France’s Ebene Quartet Offers Up Technique and Flair, Classical and Pop
First violinist Pierre Colombet, second violinist Gabriel Le Magadure, violist Mathieu Herzog and cellist Raphael Merlin — on average about 30 years old — performed pieces they have already recorded together. The changed the order of the programe and the two quartets planned for the first half were swapped. So the foursome attacked the first work, Debussy’s Quartet in G minor, Op. 10, with an abundance of freshness that was at times bold, at times sensual and always tightly focused. Their body language was accentuating without being distracting; their sound as a whole was nicely balanced.
Bartok’s third quartet, originally set to open the program, was animated and delivered with the same technical prowess from each player. The one-movement work with four sections came across almost as cinematic, with outbursts of particularly rhythmic, melodic and harmonic passages. These four guys appeared mildly interested in making the music more complicated than necessary and wildly enthusiastic about making it accessible in every possible way without dumbing it down.
After intermission, “The other Ebene Quartet” returned on stage for a second half that was devoted to jazz and pop standards as reimagined by the players. From Wayne Shorter's Footprint to Eden Ahbez's Nature Boy, Misirlou from Pulp Fiction, Brad Mehldau's Unrequited, Astor Piazzolla's Libertango, Miles Davis' All Blues and So What to Beatle's Come Together for the encore — all pieces featured on the quartet's latest album, Fiction — Colombet, Le Magadure, Herzog and Merlin clearly demonstrated their collective genre-defying versatility.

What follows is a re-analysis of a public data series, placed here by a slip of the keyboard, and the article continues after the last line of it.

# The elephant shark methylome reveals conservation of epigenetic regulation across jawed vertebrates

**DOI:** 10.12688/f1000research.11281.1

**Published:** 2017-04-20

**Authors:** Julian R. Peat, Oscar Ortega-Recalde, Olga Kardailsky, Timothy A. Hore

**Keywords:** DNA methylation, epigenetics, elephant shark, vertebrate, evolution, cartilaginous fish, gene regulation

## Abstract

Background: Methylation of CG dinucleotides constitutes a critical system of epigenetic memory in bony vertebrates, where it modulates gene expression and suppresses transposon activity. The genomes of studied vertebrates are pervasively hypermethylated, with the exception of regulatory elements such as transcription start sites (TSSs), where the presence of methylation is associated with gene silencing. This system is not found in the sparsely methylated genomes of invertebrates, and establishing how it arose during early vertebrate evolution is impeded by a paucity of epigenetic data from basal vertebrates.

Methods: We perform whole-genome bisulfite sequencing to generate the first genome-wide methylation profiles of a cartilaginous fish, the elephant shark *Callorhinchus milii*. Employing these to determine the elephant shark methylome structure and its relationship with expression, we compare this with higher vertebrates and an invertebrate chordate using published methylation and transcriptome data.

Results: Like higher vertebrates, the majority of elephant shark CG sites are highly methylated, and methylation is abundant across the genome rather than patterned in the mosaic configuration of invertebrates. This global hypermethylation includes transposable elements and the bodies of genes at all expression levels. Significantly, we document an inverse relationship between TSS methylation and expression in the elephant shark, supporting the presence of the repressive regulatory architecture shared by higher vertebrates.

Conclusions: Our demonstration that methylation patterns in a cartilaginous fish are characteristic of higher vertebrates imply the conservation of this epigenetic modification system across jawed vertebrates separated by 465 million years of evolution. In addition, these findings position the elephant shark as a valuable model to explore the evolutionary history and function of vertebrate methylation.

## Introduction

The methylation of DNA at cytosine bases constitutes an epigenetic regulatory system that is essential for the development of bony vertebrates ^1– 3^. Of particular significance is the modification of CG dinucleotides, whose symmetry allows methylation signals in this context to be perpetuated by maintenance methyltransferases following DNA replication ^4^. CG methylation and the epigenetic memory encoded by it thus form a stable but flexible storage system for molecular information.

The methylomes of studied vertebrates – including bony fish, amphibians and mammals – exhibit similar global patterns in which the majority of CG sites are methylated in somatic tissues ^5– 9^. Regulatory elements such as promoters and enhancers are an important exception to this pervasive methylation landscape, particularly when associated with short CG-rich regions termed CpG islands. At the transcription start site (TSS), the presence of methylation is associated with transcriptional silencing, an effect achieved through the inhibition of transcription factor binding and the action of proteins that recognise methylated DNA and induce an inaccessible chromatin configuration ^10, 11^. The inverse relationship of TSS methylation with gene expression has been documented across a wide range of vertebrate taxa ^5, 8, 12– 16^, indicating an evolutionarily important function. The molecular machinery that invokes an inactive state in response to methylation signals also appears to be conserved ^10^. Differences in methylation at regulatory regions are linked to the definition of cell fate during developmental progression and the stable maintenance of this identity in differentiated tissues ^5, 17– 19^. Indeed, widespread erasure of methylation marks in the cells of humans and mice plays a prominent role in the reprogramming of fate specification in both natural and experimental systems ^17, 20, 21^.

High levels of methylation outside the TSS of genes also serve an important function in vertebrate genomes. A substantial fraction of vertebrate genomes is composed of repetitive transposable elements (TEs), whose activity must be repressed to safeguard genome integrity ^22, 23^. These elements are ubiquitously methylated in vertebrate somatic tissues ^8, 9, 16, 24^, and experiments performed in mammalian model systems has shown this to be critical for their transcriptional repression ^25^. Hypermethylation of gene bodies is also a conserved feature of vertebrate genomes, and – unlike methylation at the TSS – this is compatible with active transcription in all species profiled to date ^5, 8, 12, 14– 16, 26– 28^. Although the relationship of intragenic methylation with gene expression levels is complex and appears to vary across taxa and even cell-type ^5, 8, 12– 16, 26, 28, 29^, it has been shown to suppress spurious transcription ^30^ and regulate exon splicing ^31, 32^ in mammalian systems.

No doubt this is a young, fast-rising string quartet that is both entertaining and worth paying serious attention to. The players' shared love and interest to perform and record both classical and non-classical music is admirable, even though there was a clear separation between the two in this particular program, intentionally or not. The jazz and pop set was less impressive as it lacked a level of unceremonious pass-me-a-beer feeling. Perhaps they should have tried losing the jackets, but only Herzog and Merlin did so right before playing Misirlou. A couple of times, Herzog even egged the audience on in clapping for his colleagues' solos, something that usually comes without having to ask for it in jazz.
It was like people were being told it was okay to let loose and make some noise. They gladly obeyed by offering up a standing ovation with applause, cheers and whistles.